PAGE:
This flow chart shows the sources and activities across the U.S. economy that produce greenhouse gas emissions.

This simulation allows the user to project CO2 sources and sinks by adjusting the points on a graph and then running the simulation to see projections for the impact on atmospheric CO2 and global temperatures.

These graphs show carbon dioxide measurements at the Mauna Loa Observatory, Hawaii. The graphs display recent measurements as well as historical long term measurements. The related website summarizes in graphs the recent monthly CO2, the full CO2 Record, the annual Mean CO2 Growth Rate, and gives links to detailed CO2 data for this location, which is one of the most important CO2 tracking sites in the world.

This static graph of changes in CO2 concentrations goes back 400,000 years, showing the dramatic spike in recent years.

This beautifully filmed and produced video describes the changes that global warming is already bringing to Northern Canada and Greenland. Local people describe changes to ecosystems, impacts on culture and life styles, and the challenges of melting permafrost. Ship captains describe changes in navigational channels and fjords. Scientists describe changes in albedo and permafrost, as well as increased pollution transported from outside the Arctic (the Grasshopper effect).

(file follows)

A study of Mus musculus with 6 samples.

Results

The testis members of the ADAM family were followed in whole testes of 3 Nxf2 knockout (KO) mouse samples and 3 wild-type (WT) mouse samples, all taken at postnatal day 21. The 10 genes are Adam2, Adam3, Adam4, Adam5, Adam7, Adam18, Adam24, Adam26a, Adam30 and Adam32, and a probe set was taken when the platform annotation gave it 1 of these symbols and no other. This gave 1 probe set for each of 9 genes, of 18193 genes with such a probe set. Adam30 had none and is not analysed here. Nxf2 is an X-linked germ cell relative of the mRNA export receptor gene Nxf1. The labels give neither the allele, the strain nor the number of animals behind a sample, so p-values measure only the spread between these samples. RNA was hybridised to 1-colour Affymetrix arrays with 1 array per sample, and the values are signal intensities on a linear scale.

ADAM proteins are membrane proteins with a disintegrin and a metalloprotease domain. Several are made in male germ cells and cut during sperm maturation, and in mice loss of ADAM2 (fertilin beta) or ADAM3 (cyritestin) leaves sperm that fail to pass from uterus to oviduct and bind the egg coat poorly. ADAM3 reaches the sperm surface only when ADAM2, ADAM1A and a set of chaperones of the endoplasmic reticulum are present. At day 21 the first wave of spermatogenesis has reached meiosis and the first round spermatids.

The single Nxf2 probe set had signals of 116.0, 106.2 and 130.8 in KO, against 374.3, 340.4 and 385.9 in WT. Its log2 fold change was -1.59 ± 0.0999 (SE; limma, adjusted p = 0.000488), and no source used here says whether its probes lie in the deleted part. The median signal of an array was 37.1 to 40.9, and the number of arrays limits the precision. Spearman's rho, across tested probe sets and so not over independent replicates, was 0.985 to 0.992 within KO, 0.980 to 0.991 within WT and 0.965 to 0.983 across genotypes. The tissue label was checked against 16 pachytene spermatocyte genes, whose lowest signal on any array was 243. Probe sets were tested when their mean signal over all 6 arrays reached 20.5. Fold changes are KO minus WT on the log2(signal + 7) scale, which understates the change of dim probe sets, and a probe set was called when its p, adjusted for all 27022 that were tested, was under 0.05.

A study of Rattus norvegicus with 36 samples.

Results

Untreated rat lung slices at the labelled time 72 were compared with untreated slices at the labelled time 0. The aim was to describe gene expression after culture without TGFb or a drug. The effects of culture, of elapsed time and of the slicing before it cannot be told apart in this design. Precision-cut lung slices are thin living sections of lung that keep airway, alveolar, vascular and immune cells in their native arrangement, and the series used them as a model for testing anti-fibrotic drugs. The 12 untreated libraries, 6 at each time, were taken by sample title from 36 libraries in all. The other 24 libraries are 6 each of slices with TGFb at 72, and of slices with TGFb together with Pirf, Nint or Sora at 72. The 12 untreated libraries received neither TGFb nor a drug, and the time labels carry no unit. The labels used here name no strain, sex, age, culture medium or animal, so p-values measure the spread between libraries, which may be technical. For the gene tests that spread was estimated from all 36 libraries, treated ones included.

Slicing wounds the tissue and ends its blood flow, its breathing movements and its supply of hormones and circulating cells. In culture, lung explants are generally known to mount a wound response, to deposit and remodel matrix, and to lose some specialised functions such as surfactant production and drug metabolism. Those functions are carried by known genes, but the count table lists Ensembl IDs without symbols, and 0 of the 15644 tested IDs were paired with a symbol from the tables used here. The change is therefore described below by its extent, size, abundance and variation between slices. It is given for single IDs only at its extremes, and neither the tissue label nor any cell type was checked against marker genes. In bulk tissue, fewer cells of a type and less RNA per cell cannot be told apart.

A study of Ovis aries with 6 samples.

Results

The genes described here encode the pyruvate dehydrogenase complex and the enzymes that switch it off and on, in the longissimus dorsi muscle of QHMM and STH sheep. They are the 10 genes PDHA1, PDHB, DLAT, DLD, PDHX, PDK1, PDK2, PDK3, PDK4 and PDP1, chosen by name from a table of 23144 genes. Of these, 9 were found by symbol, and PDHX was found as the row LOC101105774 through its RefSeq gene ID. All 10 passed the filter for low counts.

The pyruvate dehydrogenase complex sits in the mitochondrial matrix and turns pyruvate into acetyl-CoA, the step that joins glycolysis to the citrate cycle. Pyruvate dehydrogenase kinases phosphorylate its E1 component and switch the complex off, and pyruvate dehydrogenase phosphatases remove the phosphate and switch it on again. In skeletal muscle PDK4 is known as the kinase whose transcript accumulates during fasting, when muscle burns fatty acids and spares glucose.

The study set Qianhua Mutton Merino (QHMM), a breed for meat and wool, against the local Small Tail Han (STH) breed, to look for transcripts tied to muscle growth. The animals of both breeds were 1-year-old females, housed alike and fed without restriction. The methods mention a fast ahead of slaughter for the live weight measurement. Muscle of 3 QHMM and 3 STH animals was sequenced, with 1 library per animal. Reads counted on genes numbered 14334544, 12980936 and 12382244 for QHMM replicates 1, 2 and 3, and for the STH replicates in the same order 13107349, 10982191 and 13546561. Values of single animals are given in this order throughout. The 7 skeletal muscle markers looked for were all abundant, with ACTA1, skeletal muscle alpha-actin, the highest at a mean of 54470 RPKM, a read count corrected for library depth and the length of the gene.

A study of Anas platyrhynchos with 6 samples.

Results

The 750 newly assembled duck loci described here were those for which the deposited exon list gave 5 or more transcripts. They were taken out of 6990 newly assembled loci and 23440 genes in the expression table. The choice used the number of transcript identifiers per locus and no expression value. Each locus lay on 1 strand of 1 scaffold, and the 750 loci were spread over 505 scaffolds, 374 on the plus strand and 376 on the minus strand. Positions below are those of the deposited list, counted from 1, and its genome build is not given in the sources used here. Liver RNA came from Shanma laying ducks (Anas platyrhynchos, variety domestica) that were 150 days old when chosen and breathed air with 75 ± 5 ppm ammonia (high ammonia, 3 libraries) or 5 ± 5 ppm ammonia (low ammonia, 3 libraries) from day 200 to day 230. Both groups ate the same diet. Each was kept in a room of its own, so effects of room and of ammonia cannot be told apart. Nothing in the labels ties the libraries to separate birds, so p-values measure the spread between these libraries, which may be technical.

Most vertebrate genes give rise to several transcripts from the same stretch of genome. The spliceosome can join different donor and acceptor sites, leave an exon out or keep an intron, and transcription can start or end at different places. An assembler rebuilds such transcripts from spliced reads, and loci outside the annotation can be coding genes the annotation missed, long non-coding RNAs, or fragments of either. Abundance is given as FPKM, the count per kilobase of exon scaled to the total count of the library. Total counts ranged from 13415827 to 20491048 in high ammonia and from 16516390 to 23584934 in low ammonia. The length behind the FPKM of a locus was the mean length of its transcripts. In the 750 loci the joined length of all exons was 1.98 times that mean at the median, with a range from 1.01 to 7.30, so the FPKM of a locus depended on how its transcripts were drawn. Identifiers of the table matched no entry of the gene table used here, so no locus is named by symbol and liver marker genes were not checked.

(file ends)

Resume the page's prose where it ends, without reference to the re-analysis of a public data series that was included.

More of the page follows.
This visualization includes a series of flow charts showing the relative size of primary energy resources and end uses in the United States for the years 2008-2012.

This video segment, adapted from Need to Know, discusses how the process of hydraulic fracturing (fracking) is used to extract natural gas and how the process may be polluting water resources with hazardous chemicals, leading to health concerns.

This short video shows how humanity uses energy today; what sources we use; and why, in the future, a growing global population will require more energy.

In this video, students explore the work of Jay Keasling, a biologist who is experimenting with ways to produce a cleaner-burning fuel from biological matter using genetically modified microorganisms.

In this video, students learn that scientific evidence strongly suggests that different regions on Earth do not respond equally to increased temperatures. Ice-covered regions appear to be particularly sensitive to even small changes in global temperature. This video segment adapted from NASA's Goddard Space Flight Center details how global warming may already be responsible for a significant reduction in glacial ice, which may in turn have significant consequences for the planet.